Sunday, February 01, 2004

OSHA Budget Passed

Training Grant Money Saved

Included in the Omnibus Appropriations Bill for FY 2004 which the Senate passed last month was the Labor- HHS Appropriations bill which included funding for OSHA, MSHA and NIOSH. As you now, the bill unfortunately did not include a measure blocking the DOL overtime regulation (despite votes to that effect in the House and in the Senate) which will result in reductions of overtime pay for 8 million workers.

OSHA received a modest increase, allowing it to maintain current program activities. FY 2004 funding for OSHA will be $460.7 million, compared to $450.3 million in FY 2003. According to Occupational Hazards, compliance assistance was the biggest winner, gaining, as it did last year, the largest percentage increase in funding. The 10 percent increase, or $6 million, was the largest increase in total dollars among OSHA programs as well. Spending on enforcement programs will rise $4 million to $167 million, while the safety and health standards budget remains constant at $16 million.

The best news is that the bill maintained OSHA training grant funding ($11.1 million) and included legislative language mandating that OSHA fund the Institutional Competency Building Grants for another year at current levels. This is a major victory as the Bush administration has attempted to cut short the 5-year grant program initiated during the Clinton administration. Despite all odds we've been able to maintain funding for these programs for the full five year term and maintain the entire program at $11 million despite the Administration's attempt to cut the program down to $4 million and replace it with a program that would emphasize web sites and CD's instead of direct worker training.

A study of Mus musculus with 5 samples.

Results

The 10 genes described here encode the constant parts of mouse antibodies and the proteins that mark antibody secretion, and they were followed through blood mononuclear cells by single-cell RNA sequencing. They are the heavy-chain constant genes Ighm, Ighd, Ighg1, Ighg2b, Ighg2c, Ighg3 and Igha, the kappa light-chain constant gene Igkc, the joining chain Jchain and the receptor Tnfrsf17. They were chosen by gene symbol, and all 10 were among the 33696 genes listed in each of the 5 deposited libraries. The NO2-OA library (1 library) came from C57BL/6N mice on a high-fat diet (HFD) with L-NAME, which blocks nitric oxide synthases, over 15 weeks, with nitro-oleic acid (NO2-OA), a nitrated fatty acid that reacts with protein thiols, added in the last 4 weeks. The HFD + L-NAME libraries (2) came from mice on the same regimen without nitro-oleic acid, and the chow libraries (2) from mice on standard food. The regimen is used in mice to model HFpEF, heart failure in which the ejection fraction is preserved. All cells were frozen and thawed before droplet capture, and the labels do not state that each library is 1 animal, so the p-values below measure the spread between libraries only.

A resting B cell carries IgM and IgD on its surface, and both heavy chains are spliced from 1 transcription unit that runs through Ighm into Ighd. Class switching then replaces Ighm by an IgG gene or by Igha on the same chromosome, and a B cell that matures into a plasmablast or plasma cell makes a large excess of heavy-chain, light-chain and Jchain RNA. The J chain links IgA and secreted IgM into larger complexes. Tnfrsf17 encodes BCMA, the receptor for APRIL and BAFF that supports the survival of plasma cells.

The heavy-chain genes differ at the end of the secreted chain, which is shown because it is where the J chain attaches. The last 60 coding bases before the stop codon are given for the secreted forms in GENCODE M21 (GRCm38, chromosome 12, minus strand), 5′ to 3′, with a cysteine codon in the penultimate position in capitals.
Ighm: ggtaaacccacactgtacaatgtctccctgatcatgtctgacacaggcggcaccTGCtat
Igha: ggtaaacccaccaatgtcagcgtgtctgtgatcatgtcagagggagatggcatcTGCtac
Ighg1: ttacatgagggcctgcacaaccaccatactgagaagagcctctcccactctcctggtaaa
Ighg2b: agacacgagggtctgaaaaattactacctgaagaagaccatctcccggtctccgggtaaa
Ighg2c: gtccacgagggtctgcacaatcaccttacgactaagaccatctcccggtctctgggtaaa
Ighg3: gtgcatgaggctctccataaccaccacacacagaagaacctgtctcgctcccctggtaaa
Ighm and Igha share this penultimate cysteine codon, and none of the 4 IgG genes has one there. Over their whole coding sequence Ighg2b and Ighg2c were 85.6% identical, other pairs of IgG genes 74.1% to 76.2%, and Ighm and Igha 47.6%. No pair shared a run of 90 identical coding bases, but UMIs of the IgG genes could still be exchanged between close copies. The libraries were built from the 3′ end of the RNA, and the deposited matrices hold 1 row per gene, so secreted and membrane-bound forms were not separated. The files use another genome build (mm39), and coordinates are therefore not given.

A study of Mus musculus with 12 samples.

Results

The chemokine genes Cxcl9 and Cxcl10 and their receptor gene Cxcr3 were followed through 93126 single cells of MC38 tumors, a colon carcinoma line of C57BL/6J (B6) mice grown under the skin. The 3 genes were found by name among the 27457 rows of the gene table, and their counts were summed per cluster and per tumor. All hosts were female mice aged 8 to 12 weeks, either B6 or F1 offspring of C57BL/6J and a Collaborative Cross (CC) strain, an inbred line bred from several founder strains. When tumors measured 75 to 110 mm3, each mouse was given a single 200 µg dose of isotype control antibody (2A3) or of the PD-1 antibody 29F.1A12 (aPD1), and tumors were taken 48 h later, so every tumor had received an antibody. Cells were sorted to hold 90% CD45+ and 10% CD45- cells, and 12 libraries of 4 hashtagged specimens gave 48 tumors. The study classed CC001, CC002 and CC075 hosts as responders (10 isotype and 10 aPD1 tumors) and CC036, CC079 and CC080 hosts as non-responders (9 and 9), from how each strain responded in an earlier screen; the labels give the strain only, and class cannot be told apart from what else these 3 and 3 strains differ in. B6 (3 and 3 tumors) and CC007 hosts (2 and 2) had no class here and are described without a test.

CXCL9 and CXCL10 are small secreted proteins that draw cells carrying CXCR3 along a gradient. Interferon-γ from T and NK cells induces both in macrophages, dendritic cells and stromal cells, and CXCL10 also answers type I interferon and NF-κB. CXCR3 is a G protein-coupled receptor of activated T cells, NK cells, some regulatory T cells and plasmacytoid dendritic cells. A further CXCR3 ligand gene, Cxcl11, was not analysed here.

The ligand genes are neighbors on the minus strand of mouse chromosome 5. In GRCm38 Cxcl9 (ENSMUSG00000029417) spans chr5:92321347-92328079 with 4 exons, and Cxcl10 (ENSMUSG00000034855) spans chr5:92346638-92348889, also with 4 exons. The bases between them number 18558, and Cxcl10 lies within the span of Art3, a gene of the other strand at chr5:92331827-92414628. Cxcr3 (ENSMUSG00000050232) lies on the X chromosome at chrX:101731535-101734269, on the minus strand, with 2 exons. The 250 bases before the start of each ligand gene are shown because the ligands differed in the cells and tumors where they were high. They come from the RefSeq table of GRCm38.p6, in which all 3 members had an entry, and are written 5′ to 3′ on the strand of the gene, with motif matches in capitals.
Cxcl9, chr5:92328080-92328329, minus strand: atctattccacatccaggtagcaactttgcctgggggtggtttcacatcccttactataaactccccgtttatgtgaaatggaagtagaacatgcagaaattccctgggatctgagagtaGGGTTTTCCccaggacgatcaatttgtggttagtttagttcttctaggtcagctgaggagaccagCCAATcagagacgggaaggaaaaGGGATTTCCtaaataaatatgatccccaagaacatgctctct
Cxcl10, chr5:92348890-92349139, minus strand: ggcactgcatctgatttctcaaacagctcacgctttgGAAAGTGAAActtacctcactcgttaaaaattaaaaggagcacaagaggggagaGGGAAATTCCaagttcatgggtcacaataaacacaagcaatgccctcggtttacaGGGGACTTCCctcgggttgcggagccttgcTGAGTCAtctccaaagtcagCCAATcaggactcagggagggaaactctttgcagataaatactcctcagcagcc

The bill sets funding for MSHA at $270.8 million, compared to $272.9 million in FY 2003. (However, the FY 03 appropriation included a onetime appropropriation of $9.9 million for mine mapping).

For NIOSH, the bill provides a total of $278.9 million (including $41.9 million for NORA), compared to $273.4 million for FY 2003.